The term seniority is an acknowledgment of a higher level of experience or time on the job compared to others within an organization. Seniority can be a form of respect for the service given to the company. It is often used to designate benefits to certain employees as a type of reward system for longevity and dedication to the company.
People in an organization with seniority may make more money then less experienced workers. This may simply be because the more experienced worker has gone through several pay raises in the course of a career. Additional benefits are not as formal. For example, a person with seniority may be allowed to choose the shift he wants to work while others are assigned a specific shift. If only a certain number of people can be given holiday time off, the person with seniority may be given first choice.
Seniority had been a key contributor to salary in the past; however, more companies have moved to performance-based pay. Regardless of the number of years a person has been on the job, the quality and quantity of work has become more of a driver than years of service to a company. According to USLegal, this is a visible change especially in Japanese manufacturing markets.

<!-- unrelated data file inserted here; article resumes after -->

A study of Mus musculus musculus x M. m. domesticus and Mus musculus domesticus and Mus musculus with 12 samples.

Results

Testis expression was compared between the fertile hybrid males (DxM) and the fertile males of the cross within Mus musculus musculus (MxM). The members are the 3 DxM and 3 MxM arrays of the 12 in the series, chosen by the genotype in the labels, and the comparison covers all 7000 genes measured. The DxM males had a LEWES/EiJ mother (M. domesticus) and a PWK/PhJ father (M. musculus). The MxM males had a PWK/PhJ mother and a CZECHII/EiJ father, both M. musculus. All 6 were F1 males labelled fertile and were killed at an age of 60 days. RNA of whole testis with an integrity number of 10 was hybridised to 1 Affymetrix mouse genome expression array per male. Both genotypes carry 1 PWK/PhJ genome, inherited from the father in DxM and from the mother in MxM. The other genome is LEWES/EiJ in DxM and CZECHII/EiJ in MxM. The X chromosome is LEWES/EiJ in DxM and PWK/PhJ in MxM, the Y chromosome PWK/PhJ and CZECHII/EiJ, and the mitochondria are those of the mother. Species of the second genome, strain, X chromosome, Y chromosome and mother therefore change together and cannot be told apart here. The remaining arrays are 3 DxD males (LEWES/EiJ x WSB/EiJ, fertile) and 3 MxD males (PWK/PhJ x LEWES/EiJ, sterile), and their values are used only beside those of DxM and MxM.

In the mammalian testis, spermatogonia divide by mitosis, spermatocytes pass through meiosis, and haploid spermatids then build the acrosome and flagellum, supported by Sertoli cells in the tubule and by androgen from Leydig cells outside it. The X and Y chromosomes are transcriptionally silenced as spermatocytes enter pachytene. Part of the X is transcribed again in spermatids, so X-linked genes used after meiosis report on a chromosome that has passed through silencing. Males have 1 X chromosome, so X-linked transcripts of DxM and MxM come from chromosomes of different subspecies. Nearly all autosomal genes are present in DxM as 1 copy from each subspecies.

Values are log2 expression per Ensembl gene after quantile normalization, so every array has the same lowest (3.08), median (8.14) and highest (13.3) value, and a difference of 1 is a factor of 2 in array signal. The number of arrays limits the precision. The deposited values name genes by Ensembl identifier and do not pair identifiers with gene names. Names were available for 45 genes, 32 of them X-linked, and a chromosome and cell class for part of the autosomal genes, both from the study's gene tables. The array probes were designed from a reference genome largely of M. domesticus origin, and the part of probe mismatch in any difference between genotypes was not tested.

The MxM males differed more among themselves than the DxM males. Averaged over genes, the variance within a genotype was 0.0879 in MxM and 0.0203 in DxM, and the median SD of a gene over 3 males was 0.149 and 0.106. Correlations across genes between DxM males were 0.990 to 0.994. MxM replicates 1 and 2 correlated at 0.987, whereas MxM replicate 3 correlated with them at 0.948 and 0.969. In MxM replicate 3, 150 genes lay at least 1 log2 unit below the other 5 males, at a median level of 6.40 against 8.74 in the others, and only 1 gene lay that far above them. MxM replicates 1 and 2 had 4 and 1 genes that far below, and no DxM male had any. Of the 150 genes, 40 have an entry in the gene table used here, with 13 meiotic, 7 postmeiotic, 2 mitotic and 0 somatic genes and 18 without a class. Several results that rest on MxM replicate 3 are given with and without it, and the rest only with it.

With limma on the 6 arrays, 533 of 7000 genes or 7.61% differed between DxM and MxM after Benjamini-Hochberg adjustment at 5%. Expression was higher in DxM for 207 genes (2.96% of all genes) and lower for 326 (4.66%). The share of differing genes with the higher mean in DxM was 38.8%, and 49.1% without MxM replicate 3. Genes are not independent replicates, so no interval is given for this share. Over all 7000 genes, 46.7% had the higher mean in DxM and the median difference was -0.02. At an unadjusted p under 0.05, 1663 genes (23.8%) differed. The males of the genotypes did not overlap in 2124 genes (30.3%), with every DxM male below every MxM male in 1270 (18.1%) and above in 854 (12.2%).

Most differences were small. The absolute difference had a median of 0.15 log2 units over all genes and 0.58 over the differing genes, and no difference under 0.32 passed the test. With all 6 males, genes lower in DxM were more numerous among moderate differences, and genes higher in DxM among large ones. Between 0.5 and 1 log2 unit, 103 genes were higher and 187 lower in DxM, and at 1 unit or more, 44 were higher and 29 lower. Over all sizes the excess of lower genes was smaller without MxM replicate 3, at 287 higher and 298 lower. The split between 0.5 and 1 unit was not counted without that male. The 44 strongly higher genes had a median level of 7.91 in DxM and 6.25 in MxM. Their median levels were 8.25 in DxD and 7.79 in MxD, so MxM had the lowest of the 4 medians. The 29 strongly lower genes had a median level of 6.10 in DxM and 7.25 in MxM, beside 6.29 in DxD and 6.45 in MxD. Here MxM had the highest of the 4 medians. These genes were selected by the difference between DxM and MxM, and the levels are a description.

A perceived negative aspect of a person working many years for the same company is that the person is not exposed to many of the new technologies. Software programs and other high-tech talent is considered a hindrance to people who have stayed in one job and not adapted to new technology.
Seniority may not be highly regarded today; however, USLegal believes that seniority will once again be an important business asset as baby boomers begin to leave the job market. A person who has been on the job for many years has a wealth of undocumented knowledge about a company. As people begin to retire, a talent gap could be created. Some companies are anticipating this and developing programs such as job sharing to allow senior employees to slowly phase out of the position as new talent acquires the necessary skills.
Debbie McRill went from managing a Texas Department of Criminal Justice office to working for Compaq and Hewlett-Packard as a technical writer and project manager in 1997. Debbie has also owned her own businesses and understands both corporate and small business challenges. Her background includes Six Sigma training, and an Information Development career with journalism and creative writing as her passion.